In some ways, Ward Hill Lamon was ahead – way ahead – of his time.
He was Abraham Lincoln’s legal partner in Danville, his unofficial bodyguard in Washington, and a close friend. So far, so good.
My January 15 column was about Lamon’s controversial 1872 book, “The Life of Abraham Lincoln, from His Birth to His Inauguration as President.” He was widely criticized for allegedly defaming the saint and martyr Lincoln. The president’s eldest son, Robert, condemned Lamon as a greedy opportunist and malicious traitor.
I just finished reading the 547 page book. Overall, I found it entertaining, informative, well-researched, and tightly attributed. But clearly, Lamon and his ghostwriter, Chauncey F. Black, were too blunt and intrusive for their loyal audience. And they were callous towards Lincoln’s emotionally unstable widow.
This statement on page 181 should probably have been moved to the introduction: “A biography worth writing deserves to be written fully and honestly; and the writer who suppresses or mutilates the truth is no better than one who bears false witness in any other capacity.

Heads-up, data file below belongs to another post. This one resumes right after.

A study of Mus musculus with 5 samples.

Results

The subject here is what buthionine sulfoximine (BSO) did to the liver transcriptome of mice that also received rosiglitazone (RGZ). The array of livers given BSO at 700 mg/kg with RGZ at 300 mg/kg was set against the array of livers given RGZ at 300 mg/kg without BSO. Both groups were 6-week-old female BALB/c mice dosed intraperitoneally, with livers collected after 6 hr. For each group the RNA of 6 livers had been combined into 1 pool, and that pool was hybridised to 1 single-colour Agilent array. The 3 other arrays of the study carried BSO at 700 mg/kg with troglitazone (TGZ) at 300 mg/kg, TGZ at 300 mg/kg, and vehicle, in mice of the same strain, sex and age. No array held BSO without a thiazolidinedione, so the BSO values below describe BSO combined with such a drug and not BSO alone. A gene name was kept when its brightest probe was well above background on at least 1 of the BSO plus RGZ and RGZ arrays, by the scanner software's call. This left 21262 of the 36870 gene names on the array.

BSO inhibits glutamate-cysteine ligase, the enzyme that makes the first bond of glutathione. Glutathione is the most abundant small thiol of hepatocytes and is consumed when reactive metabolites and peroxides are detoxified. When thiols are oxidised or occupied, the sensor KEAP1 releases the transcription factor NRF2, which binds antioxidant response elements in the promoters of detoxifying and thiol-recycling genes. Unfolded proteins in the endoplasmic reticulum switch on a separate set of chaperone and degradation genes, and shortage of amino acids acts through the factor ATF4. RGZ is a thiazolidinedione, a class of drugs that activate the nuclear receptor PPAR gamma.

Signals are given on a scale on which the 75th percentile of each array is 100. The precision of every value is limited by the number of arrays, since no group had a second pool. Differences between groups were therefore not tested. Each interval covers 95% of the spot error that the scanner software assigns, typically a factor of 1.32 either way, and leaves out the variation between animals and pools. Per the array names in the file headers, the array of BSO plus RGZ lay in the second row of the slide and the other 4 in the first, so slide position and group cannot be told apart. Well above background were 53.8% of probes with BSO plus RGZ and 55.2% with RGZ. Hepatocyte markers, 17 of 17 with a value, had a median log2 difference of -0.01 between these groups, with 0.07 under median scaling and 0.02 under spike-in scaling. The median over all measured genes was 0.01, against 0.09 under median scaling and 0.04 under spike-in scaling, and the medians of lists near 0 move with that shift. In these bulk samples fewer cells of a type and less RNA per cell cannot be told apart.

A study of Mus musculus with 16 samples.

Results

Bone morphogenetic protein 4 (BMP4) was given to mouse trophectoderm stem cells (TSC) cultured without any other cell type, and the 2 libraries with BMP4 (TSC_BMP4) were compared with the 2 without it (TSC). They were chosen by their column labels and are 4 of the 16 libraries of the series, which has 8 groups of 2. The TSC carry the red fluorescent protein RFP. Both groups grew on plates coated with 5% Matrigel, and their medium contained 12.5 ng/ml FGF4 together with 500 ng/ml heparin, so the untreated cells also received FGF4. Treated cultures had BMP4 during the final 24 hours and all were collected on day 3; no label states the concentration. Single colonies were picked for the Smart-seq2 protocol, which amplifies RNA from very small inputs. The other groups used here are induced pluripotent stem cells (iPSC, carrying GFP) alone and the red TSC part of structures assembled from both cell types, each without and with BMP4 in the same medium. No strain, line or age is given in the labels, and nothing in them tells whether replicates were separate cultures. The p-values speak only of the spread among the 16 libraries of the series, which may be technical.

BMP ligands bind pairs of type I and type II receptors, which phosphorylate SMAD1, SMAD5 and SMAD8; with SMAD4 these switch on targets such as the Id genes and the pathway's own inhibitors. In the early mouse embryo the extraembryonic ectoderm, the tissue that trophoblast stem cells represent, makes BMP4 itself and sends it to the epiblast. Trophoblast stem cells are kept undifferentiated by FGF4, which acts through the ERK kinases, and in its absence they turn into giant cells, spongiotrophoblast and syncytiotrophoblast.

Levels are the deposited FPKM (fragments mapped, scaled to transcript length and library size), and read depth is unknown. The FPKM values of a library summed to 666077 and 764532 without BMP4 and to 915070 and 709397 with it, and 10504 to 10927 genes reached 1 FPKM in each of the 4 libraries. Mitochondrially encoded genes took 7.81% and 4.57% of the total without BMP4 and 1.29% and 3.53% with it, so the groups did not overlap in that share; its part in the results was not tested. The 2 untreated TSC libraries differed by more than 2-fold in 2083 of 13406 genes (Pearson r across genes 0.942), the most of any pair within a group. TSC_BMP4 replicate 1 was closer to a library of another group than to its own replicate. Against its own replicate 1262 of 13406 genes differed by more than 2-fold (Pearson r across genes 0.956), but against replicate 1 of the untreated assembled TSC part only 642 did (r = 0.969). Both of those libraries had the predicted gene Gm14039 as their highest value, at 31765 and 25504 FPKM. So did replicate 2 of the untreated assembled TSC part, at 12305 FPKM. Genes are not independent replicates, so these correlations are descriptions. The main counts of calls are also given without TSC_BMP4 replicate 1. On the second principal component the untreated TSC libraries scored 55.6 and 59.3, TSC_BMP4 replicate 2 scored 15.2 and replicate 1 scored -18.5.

Here is a sample:
• Page 17. Lamon implies that Lincoln’s parents may never have married. Lincoln’s entries in the Family Bible list births, deaths, and marriages, but are “entirely silent as to the marriage of his own mother.”
• Page 158. Lincoln once wrote a book-length essay claiming that the Bible was “not the revelation of God” and that “Jesus was not the son of God”.
• Page 237. For most of his life, Lincoln lived and breathed politics, craved distinction, and “struggled ceaselessly for a place. There were no instances where a major position seemed to be within reach, and he did not try to get it.
• Page 238. Mary Todd, Lincoln’s future wife, was bright, strong-willed and over-ambitious, with “the most fiery and unmanageable temper”. Before meeting Lincoln, she vowed to one day be “the wife of a future president.”
• Page 339. Lincoln—even as president—supported Henry Clay’s plan for gradual and compensated emancipation and settlement of freed slaves.
• Pages 467-68. Even after the North elected him president in 1860, “few men believed that Mr. Lincoln possessed a single qualification for his great office”.
• Page 473. Lincoln’s marriage was “not exceedingly happy…his betrothal to Miss Todd was one of the great misfortunes of his life and hers”.
• Pages 480-81. Lincoln’s legendary sense of humor was “mainly exercised in hearing and telling crude stories”. He “seemed to make favored companions of the rudest men on the list of his acquaintances – low, vulgar, unhappy creatures”.
• Page 488. Former legal associate John T. Stuart said, “(Lincoln) was an avowed and open infidel, sometimes bordering on atheism…Lincoln went further against the beliefs, doctrines, and principles Christians than any man I ever heard. It shocked me.
Now, 150 years later, Lamon’s biography of Abraham Lincoln is eye-opening, down-to-earth, and worth reading.